The Futility of Rock Climbing, and also Life
People invest a lot of time, money and effort climbing walls to nothing. This sisyphean hobby is the perfect metaphor for most of life. It’s hard, feelings of accomplishment are fleeting, and we don’t have to do it.
The first time I went rock climbing was at summer camp. My parents had just moved from Germany to North Carolina and wanted me to have some kind of experience. They sort of did their research, but they confused “non denominational” with secular. They accidentally sent their atheist eight year old to a camp for people who go to mega churches.
I was a creepy kid so any summer camp was bound to be a mostly uncomfortable experience, but especially so since I was an obnoxious outsider. At eight I had all my father’s gruff bravado and war won wisdom but I actually spent most of my time eating doughnuts in air conditioning. I wasn’t fat, but I was weak. I didn’t have my thoughts sorted out about Jesus, but I knew the Holy Spirit was obviously the moon. I didn’t know any of the songs/chants/prayers the other campers did.
I had also urgently begun writing very dark torture porn poetry, to everyone’s’ alarm.
Then I became an adult. Summer camp counselors no longer direct me to do things against my will. But, I do date. A guy I liked took me rock climbing when I was 30. I consented over wine and warm feelings. The promise of muscular sex dangled in front of me like a lure. He used words like “fun” and “empowering” with such confidence I forget who I was.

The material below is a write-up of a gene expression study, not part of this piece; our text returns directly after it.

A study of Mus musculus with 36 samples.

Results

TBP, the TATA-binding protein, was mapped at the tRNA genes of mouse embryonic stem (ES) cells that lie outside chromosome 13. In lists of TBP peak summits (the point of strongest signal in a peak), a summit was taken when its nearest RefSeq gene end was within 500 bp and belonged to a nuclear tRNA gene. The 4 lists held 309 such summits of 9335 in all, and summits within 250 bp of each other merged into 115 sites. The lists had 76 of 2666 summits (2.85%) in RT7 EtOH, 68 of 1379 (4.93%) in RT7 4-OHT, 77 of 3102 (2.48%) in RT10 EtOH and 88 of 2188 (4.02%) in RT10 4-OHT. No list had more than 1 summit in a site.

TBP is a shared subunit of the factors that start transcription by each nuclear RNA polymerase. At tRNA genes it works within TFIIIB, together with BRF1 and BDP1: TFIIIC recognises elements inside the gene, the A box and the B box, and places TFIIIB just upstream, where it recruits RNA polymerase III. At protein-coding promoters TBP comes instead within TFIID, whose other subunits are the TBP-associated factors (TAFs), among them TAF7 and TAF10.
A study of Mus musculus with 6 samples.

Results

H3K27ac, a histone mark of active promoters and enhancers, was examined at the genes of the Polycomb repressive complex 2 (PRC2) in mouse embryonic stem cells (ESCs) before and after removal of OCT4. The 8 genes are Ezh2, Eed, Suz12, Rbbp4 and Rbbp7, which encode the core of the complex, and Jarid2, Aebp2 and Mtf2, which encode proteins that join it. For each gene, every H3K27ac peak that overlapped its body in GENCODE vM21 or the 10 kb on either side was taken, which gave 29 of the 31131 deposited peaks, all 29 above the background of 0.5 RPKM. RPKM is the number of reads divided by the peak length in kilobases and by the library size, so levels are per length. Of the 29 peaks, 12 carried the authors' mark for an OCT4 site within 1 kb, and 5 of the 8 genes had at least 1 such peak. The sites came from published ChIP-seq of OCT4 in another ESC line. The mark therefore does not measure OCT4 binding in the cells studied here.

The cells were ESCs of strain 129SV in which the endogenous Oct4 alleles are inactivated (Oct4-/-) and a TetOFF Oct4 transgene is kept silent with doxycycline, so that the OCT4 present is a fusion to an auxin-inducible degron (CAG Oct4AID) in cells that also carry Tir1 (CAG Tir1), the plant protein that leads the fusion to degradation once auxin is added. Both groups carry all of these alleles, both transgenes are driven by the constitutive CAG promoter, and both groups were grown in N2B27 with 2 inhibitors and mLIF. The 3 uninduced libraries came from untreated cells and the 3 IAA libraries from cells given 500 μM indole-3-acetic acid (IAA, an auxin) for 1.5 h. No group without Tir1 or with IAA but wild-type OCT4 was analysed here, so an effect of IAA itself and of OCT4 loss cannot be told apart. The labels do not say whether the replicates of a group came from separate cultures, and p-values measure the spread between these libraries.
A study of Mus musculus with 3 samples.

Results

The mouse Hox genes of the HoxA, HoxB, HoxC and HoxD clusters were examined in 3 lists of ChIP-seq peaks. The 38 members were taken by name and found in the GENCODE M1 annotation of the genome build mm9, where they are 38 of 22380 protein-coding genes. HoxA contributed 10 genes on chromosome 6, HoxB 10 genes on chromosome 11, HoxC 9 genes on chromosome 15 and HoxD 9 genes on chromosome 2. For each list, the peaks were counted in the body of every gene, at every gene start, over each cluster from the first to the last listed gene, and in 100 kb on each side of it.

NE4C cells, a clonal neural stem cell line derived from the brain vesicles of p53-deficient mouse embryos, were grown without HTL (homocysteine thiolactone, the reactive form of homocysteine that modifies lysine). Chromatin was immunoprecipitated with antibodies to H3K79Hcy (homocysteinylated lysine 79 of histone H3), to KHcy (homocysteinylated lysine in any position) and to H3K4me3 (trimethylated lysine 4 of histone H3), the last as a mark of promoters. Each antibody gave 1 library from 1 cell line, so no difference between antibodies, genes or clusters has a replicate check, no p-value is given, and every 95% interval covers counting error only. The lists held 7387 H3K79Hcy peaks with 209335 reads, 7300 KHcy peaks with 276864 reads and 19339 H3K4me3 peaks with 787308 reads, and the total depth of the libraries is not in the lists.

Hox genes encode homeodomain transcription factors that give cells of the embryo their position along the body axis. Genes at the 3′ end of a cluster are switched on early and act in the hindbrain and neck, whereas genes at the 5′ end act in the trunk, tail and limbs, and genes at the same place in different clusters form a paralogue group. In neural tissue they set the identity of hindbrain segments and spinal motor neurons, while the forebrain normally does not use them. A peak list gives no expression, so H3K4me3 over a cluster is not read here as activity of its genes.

He took me to The Cliffs in Long Island City which is a great facility for bouldering, rock climbing, weight lifting, and they also have treadmills for some reason. The treadmills seem even sadder there than at a regular gym. The Cliffs are full of people who can do one armed pull ups, and look relaxed hanging upside down by their thumbs. I am not those people. I climbed walls for children and focused on learning how to tie one knot correctly.
We were in the early stages of the relationship when I was doing my best impression of a fun affable person so when he asked me “Did you have fun?” I said, “Oh yeah, it was great.” Then he surprised me with rock climbing gear and the reality of my situation sank in. We would be doing this a lot.
My parents taught me that I had to finish sports I started, once there was gear involved. So now, a few times a week I struggle up walls fueled mostly by shame and spite. To be fair, shame and spite motivate me to do other things like writing, stand up comedy, and thank you cards. Every single wall brings up the same obvious unanswerable questions; Why am I doing this? This is stupid. My hands hurt. Is anyone looking at me? But rock climbing is like solving a puzzle with your body. Because it occupies all my limbs and also my mind, it’s hard to think about anything else for seconds sometimes minutes at a time. It is also challenging to look at my phone.
What I like about rock climbing is that there are clear metrics showing that progress is happening. It’s not just in my head. There is a top to every wall. It can be completed. There are numbers indicating which walls are harder. I can climb harder walls today than I could last week. Presumably I will continue to get better, I can choose to feel good about this. That’s true about everything from cooking to cabinetry to climbing the corporate ladder.